Older Australians are staying in their homes and only downsizing when forced to by a serious health issue or the death of a partner that leaves them unable to age in place. Those were the findings of a new analysis of census figures by research body Australian Housing and Urban Research Institute (AHURI).
The report found that taxes on the transfer of properties, such as stamp duty, may provide a disincentive for individuals to downsize.
Stamp duty is a government tax on certain transactions. You generally need to pay it when you buy a motor vehicle, insurance policy or real estate.
In relation to property purchases, the amount of stamp duty will vary depending on where you live, the type of transaction taking place, and its value. By using an online Stamp Duty Calculator, you can determine how much stamp duty applies to the property you plan to purchase. The amount may also depend on the type of property you are buying, or whether you’re purchasing an established home, new home or vacant land.
Research has consistently shown that while many consider downsizing, the cost of stamp duty is the biggest barrier to purchasing a smaller property, closely followed by the cost of moving and the potential impact of sale proceeds on the age pension.
Given that housing plays an important role in the retirement savings puzzle, these findings are concerning for Aussie homeowners who expected to profit excess funds to boost their retirement fund through downsizing.
“Stamp duties can have a substantial effect on property transactions, with a 10 per cent increase in stamp duty lowering turnover by 3 per cent annually,” the AHURI report stated.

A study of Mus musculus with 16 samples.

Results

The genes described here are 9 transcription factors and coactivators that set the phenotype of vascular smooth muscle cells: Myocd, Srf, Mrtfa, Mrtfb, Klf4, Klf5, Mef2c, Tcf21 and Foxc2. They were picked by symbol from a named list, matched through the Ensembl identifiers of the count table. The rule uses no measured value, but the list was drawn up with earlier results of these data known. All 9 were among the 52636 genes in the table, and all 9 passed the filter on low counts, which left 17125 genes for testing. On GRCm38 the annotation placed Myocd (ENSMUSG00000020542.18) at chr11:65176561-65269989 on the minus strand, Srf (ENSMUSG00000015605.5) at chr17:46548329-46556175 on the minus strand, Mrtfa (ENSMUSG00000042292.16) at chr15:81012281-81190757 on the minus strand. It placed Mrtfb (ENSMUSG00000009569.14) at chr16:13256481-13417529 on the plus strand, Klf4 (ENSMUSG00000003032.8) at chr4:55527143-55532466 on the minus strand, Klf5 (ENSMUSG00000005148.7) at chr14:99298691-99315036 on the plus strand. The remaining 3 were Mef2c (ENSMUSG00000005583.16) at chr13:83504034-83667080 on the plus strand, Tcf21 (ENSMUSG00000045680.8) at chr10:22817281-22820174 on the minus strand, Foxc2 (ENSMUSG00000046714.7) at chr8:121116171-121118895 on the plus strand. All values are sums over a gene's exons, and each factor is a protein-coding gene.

“Although that study does not focus on the activities of older Australians specifically, the findings reflect the concerns expressed by the Productivity Commission (2014) and the Henry Tax Review (2010) on the deleterious effects of taxes such as stamp duty on geographic mobility.”
Findings by the AHURI also revealed that similar themes were uncovered through a survey conducted by National Seniors Australia in 2013 of over 1,300 older Australians. When asked to identify their reasons for not considering downsizing in the future, key factors included the effort associated with moving and the challenge of finding a smaller home in their budget.
Earlier this year, it was announced that stamp duty rebates of up to $50,000 will be offered to West Australian property buyers purchasing new off-the-plan apartments in a bid to revive the state’s struggling property sector.
The 75 per cent stamp duty discount would be available to people who signed a pre-construction contract to purchase a new apartment within the next two years. For a $500,000 apartment, the change would represent a stamp duty saving of more than $13,000.
Victoria, the Australian Capital Territory and Northern Territory also have schemes in place to encourage downsizing. The ACT scheme is the most generous, waiving stamp duty on the sale of houses that sell below $680,500, with the value of the concession declining on a sliding scale up to $895,000. Tasmania currently offers a concession, but there is no commitment to this beyond the 2019-20 financial year.